Friday, February 7, 2014

How to Help Children Manage Grief

As parents, we want to shield our children from the pain of losing a loved one. But no matter how hard we want to protect them, children can’t help themselves from feeling grief. What we can control on our part is to help the child feel safe and to let him express his feelings in his own way. By helping the child deal with the loss, he’ll learn to build a very important life skill that he will need in the future—healthy coping skills.

Children Grieve in Different Ways

Children have different reactions after experiencing the death of a loved one and these depend on their developmental level. Their reactions can range from crying one minute and then playing the next. Some children are in emotional shock and do not display any feelings, while some children throw tantrums or other forms of explosive behavior. Other expressions of grief may also be regressive or immature behaviors such as separation anxiety and having the need to ask the same questions repeatedly because they cannot believe or accept the fact.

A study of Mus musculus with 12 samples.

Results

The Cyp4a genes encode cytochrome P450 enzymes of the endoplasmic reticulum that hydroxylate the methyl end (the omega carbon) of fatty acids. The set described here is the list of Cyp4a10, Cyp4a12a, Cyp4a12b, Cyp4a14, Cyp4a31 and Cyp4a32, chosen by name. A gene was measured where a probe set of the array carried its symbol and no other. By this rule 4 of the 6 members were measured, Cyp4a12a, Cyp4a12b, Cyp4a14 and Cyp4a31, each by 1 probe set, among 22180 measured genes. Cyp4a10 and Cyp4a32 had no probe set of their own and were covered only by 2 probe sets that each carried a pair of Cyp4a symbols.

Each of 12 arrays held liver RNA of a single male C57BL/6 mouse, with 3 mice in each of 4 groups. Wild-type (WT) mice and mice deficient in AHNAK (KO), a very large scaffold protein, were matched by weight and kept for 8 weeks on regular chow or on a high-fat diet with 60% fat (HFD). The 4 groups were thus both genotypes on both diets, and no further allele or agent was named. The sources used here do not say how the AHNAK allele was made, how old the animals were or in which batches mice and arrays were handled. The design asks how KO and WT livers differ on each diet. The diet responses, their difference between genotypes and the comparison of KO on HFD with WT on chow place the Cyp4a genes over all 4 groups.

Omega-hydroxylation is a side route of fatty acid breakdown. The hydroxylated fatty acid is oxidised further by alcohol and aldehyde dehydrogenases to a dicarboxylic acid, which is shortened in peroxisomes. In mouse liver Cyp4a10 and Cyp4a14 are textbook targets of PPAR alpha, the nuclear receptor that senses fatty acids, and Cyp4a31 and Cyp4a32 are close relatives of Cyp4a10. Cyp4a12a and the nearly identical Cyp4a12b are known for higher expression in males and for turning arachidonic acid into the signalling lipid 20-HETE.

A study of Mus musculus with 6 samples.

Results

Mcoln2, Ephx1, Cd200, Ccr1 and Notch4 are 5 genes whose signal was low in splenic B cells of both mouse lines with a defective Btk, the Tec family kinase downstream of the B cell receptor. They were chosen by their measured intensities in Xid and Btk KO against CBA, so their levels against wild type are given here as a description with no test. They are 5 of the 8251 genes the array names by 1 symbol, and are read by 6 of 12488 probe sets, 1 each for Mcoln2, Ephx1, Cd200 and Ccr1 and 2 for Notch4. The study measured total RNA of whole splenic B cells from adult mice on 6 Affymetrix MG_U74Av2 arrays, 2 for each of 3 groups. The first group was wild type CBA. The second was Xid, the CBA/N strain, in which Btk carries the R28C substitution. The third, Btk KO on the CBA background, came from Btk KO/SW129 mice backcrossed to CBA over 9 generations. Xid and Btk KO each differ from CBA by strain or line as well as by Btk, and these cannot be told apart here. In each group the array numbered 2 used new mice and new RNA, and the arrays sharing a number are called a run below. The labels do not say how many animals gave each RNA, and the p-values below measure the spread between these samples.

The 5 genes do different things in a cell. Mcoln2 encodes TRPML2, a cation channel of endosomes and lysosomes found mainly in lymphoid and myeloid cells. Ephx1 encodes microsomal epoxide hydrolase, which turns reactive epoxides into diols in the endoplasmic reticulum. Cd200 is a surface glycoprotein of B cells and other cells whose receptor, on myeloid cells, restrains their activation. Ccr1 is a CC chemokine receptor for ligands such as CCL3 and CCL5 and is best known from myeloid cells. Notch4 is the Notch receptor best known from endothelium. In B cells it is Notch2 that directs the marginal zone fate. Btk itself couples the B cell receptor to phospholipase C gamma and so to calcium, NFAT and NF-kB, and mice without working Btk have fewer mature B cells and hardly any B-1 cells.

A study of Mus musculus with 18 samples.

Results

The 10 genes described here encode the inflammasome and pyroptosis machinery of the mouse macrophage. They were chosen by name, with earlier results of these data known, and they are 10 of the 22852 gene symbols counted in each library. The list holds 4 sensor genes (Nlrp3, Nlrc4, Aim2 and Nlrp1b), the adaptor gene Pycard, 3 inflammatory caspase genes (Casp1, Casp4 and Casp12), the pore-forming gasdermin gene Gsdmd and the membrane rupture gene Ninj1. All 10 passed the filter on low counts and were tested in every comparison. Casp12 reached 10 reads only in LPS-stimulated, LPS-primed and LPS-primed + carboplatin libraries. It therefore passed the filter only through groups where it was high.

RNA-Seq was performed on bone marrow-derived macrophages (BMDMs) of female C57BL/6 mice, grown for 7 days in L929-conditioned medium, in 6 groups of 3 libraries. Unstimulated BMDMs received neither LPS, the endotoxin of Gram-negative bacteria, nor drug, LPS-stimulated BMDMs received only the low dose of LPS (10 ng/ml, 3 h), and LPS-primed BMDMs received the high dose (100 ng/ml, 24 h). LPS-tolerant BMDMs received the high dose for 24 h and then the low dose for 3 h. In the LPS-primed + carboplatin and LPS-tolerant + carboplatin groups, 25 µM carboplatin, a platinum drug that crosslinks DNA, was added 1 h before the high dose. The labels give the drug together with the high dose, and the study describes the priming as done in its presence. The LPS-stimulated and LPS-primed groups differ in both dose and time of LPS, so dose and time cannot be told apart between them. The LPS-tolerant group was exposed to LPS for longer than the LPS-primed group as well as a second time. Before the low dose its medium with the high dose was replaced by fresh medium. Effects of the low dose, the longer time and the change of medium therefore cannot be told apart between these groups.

For infants and toddlers, they can perceive that the adults are sad but they don’t understand the significance of death. 

For preschoolers, they may think that death is reversible and not a permanent condition. They may also connect a certain event to be a cause of death. For example, they may think that swimming causes death and they may want to avoid swimming in pools and lakes altogether. 

For elementary-age children, they can understand that death is final and permanent. They can see that a car accident can kill people. But they may tend to over-generalize and think that not driving a car can stop people from dying. Also at this age, death is something that only happens to other people and not to himself or his family. 

Help the Child Understand the Tragic Event

Children can become their own teachers and help themselves cope with death. Let them grieve in their own way, allow them to talk, and listen. If the child is not yet ready to go back to his normal routine, don’t force them. Give him enough time to work things out and to be ready when he is. Some children ask a lot of questions about what happened, and you must tell the truth to them. They can figure things out and know when you are giving them false information. Give the right information based on what the child can understand. 

According to Dr. Jessica Charron of Clinton County Medical Center, answer only what the child asks because too much information may be too overwhelming for him. For very young children, the permanence of death may be too hard to grasp and they may think that being a good kid will bring a dead loved one back. Older children may still have many questions and even though you can’t answer all of them, what’s important is that you make yourself within reach to the child.